The Commonwealth Freedom of Information regime faces its biggest shake-up since its inception under draft legislation unveiled by John Faulkner today.
Last July, Faulkner announced the abolition of conclusive certificates and the preparation of draft legislation to reform FOI by the end of the year. The bill to abolish conclusive certificates was mired in a Senate committee until a fortnight ago, when the committee — including Coalition senators, who have opposed all of the Government’s transparency and accountability reforms — reached the obvious conclusion that the bill should be passed. Faulkner is hoping the bill will be passed in the winter sitting.
The end-of-year timetable for an FOI reform bill was disappointingly not met, but the extent of Faulkner’s proposals more than makes up for the delay. The two new bills will:
- Establish a new pro-disclosure public interest test under the Act that will prevent the blocking of release on the grounds that information might embarrass the government or “cause confusion”. This will complement a stronger Objects clause in the Act, emphasising accessibility to information.
- Establishing an Office of the Information Commissioner, featuring an Information Commissioner, a Privacy Commissioner and an FOI Commissioner, that will oversee all privacy and FOI issues. The Information Commissioner will be able to conduct merits based reviews of FOI decisions.
- Forcing government agencies to publish more information outside FOI, with monitoring of compliance by the OIC; and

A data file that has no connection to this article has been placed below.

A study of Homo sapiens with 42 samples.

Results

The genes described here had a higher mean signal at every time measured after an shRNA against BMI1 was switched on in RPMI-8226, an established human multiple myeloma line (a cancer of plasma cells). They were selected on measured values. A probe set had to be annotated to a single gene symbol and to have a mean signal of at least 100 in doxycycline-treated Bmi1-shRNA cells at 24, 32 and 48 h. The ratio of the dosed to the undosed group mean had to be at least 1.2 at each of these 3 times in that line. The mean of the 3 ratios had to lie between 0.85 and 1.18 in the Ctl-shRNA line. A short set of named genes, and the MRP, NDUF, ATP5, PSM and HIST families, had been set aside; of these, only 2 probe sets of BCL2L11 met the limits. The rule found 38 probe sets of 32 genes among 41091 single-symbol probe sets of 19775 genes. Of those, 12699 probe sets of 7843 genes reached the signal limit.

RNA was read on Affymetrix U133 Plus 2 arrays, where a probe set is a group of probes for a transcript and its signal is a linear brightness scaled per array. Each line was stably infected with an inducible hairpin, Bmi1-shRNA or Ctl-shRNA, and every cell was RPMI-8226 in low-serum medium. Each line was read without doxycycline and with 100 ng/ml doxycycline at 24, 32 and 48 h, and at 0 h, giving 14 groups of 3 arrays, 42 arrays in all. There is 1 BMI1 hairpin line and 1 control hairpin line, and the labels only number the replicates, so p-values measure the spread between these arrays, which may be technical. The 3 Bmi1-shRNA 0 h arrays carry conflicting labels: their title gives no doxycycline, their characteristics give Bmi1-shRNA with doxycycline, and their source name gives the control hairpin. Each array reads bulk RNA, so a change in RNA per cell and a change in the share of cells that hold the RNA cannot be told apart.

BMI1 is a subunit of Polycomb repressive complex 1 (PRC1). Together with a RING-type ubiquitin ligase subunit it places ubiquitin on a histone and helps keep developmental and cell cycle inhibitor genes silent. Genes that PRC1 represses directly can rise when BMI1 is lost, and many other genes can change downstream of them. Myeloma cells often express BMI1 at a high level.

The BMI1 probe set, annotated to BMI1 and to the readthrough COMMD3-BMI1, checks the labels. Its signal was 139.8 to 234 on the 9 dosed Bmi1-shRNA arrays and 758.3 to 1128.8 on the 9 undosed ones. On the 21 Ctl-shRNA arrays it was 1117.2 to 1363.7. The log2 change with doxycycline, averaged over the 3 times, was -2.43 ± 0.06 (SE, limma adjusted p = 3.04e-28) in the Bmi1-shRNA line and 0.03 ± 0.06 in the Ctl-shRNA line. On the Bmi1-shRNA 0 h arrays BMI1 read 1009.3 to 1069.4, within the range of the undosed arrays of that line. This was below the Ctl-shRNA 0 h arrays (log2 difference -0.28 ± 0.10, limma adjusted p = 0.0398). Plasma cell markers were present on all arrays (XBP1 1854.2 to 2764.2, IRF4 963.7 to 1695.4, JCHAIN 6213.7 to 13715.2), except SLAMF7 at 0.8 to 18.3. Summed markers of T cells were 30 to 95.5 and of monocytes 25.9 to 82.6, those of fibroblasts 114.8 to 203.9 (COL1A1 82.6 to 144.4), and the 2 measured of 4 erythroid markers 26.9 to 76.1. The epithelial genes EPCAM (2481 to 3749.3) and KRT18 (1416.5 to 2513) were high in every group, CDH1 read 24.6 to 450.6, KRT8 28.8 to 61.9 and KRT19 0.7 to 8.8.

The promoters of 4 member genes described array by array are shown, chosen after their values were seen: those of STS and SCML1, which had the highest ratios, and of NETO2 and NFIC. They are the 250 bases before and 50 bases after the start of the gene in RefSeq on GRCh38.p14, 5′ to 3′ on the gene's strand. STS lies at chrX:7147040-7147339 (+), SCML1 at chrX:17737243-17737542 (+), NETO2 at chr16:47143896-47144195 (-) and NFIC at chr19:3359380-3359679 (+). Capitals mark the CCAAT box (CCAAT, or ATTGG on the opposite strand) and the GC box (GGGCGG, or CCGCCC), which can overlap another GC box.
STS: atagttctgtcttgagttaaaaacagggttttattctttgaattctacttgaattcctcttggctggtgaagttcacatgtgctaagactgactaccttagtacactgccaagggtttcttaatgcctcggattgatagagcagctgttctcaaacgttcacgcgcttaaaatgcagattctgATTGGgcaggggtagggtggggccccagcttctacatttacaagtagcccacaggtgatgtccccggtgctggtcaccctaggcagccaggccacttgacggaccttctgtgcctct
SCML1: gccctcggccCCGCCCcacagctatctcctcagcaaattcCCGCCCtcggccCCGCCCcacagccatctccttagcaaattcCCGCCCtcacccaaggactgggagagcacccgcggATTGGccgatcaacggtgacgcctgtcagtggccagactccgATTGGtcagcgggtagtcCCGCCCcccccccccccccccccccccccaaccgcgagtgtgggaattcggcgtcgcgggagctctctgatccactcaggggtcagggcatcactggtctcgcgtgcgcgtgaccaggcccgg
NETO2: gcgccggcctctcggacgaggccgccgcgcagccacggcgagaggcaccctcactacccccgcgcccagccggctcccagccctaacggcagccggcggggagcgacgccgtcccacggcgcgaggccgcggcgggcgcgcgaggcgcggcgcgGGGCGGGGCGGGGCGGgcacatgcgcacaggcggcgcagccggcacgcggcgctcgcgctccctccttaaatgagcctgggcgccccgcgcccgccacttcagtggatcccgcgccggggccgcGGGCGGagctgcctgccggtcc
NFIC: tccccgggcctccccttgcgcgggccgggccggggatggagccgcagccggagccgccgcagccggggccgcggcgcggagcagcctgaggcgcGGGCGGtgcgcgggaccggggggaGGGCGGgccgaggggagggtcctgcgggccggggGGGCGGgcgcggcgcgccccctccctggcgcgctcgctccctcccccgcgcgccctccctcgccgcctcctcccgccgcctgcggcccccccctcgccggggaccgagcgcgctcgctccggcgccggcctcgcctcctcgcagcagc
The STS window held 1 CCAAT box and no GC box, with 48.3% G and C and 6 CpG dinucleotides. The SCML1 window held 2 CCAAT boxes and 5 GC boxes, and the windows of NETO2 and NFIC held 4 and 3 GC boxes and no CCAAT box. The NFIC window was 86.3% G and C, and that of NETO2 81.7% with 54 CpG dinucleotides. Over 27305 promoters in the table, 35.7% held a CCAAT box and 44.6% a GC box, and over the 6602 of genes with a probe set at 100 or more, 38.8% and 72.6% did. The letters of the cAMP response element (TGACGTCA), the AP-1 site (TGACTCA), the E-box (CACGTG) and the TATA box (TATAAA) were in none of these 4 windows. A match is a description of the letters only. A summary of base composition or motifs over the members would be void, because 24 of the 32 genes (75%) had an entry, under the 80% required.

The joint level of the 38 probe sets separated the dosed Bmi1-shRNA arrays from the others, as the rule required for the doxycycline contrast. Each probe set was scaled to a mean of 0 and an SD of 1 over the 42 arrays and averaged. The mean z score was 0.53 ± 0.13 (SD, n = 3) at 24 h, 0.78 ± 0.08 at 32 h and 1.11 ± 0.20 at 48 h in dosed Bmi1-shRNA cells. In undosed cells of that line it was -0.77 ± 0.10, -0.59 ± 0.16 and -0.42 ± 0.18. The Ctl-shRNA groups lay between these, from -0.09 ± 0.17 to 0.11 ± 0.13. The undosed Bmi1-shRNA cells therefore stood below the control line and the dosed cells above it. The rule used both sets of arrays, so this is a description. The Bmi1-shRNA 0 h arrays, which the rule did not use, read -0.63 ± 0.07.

- Big changes to the fee regime including the abolition of FOI application fees and all charges for a person seeking access to their own information.
The bills will significantly extend FOI to cover documents held by service providers contracted to the Government, taking the reach of FOI into service provision and consultancies by the private sector. Access to personal information will also be moved out of the FOI Act and into the Privacy Act.
Faulkner also announced two other big changes. The Archives Act will be amended to reduce the 30-year rule to 20 years, and Cabinet notebooks — the minutiae of Government decision-making — will be available after 30 years instead of 50. The catch-up will be done over a decade from 2011, with the National Archives releasing two years’ worth of material each year.
In potentially the biggest ever change in Australia’s information and privacy regulation, Faulkner will ask the Australian Law Reform Commission to consider whether FOI or a similar disclosure regime should be applied to the private sector.
That is likely to unleash ferocious opposition from corporations who will object to competitors, journalists and interested citizens from obtaining information currently kept under wraps outside of court proceedings. It will, however, make for interesting submissions from large media companies such as those participating in the Right To Know campaign, who have already attacked ALRC recommendations to provide for a statutory right to privacy.
Faulkner’s proposals at least partly acknowledge that the biggest task will be to instill a pro-disclosure culture within the Australian Public Service which, taking its lead from Ministers of both sides, has traditionally fought FOI tooth and nail. The Office of the Information Commissioner will be specifically tasked with both encouraging and monitoring information disclosure practices, as well as being able to overturn FOI decisions.
The new regime will almost certainly make life more difficult for governments, by removing or reducing the hurdles currently in place for the media and opposition to obtain information. However cynical this Government may be in other areas, this represents a major step forward in transparency, even if it does not go as far as FOI purists would like.
But the possible advance into the private sector opens up even greater possibilities for accountability and transparency in Australia. Faulkner has again demonstrated he is this Government’s most aggressively reformist minister.